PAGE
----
Today’s Question: How do you know if you’re in 8-bit or 16-bit per channel bit depth?
Tim’s Quick Answer: Depending on the software you’re using, you may be able to determine the bit depth of an existing image or specify the bit depth used when creating a new image. You can also infer the bit depth of an image to some extent based on the file type.
More Detail: The first step in knowing what bit depth you’re currently working in for an image is to consider the type of file you’re working with. For example, a JPEG image will always be in the 8-bit per channel mode, because JPEG images don’t support bit depths higher than 8-bit per channel.
For a raw capture you can generally think of the image as being capable of 16-bits per channel, though in reality the source data is likely lower than that. Many cameras produce images with an analog-to-digital conversion of 12-bit or 14-bit per channel, with a relatively small number of cameras supporting 16-bit conversion. However, most imaging software only supports 8-bit and 16-bit per channel as the primary bit depth settings, so raw captures would typically be processed at 16-bit per channel even if you don’t have a camera that truly records 16-bit data.
Other file formats, such as TIFF and Photoshop PSD files, will vary since they support multiple bit depth settings.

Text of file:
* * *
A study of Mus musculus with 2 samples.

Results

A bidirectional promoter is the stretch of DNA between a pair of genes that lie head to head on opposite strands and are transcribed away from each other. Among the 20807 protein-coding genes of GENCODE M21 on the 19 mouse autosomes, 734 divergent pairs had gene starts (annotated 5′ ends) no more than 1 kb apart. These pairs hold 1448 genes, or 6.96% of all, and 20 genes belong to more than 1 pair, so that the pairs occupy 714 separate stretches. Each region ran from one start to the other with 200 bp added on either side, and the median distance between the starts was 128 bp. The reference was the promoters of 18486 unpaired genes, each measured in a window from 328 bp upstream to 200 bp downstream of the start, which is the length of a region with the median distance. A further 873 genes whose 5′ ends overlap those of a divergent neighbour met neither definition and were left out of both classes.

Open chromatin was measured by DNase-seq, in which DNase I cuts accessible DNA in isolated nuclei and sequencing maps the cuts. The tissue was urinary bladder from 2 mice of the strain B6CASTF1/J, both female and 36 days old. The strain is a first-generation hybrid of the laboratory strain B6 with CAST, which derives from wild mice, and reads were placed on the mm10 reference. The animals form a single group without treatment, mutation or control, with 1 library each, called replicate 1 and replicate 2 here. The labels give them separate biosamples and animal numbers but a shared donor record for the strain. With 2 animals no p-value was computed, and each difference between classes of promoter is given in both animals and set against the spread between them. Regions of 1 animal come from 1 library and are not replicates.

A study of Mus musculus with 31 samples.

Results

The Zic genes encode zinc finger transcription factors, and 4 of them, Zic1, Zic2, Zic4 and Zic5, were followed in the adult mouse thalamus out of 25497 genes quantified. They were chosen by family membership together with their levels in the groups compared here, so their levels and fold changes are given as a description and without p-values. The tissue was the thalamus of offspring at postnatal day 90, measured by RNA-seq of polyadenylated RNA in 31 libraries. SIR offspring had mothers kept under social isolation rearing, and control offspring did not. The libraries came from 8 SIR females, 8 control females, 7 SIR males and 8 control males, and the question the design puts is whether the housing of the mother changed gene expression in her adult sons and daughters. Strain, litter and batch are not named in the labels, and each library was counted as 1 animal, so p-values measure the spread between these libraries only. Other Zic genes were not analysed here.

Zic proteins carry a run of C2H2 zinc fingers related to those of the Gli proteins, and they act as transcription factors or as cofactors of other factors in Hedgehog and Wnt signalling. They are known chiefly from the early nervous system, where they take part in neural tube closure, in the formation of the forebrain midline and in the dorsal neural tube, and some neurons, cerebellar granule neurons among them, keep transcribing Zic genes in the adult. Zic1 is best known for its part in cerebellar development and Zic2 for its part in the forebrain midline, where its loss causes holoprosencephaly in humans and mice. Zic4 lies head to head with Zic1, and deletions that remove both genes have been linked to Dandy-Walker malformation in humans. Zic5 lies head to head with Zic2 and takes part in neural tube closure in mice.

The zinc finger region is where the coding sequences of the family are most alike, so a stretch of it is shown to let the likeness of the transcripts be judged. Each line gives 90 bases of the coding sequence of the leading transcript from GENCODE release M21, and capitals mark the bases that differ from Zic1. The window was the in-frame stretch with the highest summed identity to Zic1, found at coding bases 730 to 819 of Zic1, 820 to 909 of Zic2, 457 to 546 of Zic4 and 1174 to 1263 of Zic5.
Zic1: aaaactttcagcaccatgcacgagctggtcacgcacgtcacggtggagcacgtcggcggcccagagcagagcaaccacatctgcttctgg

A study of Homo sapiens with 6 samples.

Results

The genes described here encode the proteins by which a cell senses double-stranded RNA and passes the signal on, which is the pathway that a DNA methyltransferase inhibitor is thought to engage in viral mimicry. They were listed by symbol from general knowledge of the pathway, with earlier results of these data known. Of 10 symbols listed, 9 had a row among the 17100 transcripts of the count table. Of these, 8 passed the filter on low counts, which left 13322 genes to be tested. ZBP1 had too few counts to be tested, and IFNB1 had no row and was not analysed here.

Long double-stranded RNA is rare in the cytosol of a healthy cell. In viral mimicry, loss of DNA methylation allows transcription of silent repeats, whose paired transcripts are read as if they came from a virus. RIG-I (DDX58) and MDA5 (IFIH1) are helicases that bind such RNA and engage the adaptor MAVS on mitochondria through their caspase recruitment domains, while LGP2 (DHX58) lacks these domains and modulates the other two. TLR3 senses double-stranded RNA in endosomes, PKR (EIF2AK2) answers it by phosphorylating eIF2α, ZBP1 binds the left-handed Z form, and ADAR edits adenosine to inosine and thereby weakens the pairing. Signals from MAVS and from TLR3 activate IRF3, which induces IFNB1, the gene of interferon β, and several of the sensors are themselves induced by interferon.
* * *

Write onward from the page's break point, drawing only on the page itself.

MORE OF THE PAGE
The software you’re using may enable you to view the current bit depth. For example, in Photoshop you can go to the Image menu and choose Mode, then view which bit depth option is selected with a checkmark icon to the left of it on the menu.
In software such as Adobe Camera Raw, when processing a raw capture, you can specify the bit depth you want to use, which for a raw capture would generally be 16-bits per channel. Similarly, when exporting an image from Lightroom Classic you can specify a bit depth. The available options will depend on the file format being used, and how that file will be used, but the point is you can specify a bit depth for the image being exported.
Ultimately whether you’re able to easily determine the actual bit depth of an image depends on the software you’re using. Some software makes it easy to determine the bit depth, and others don’t provide that information at all. The key is to ensure that your workflow is structured such that you are making full use of the available bit depth for an image. For example, be sure to set the bit depth to 16-bit per channel when processing a raw capture in Adobe Camera Raw, and be sure the bit depth is set to 16-bits per channel on the External Editing tab of the Preferences dialog in Lightroom Classic for photos being sent to Photoshop.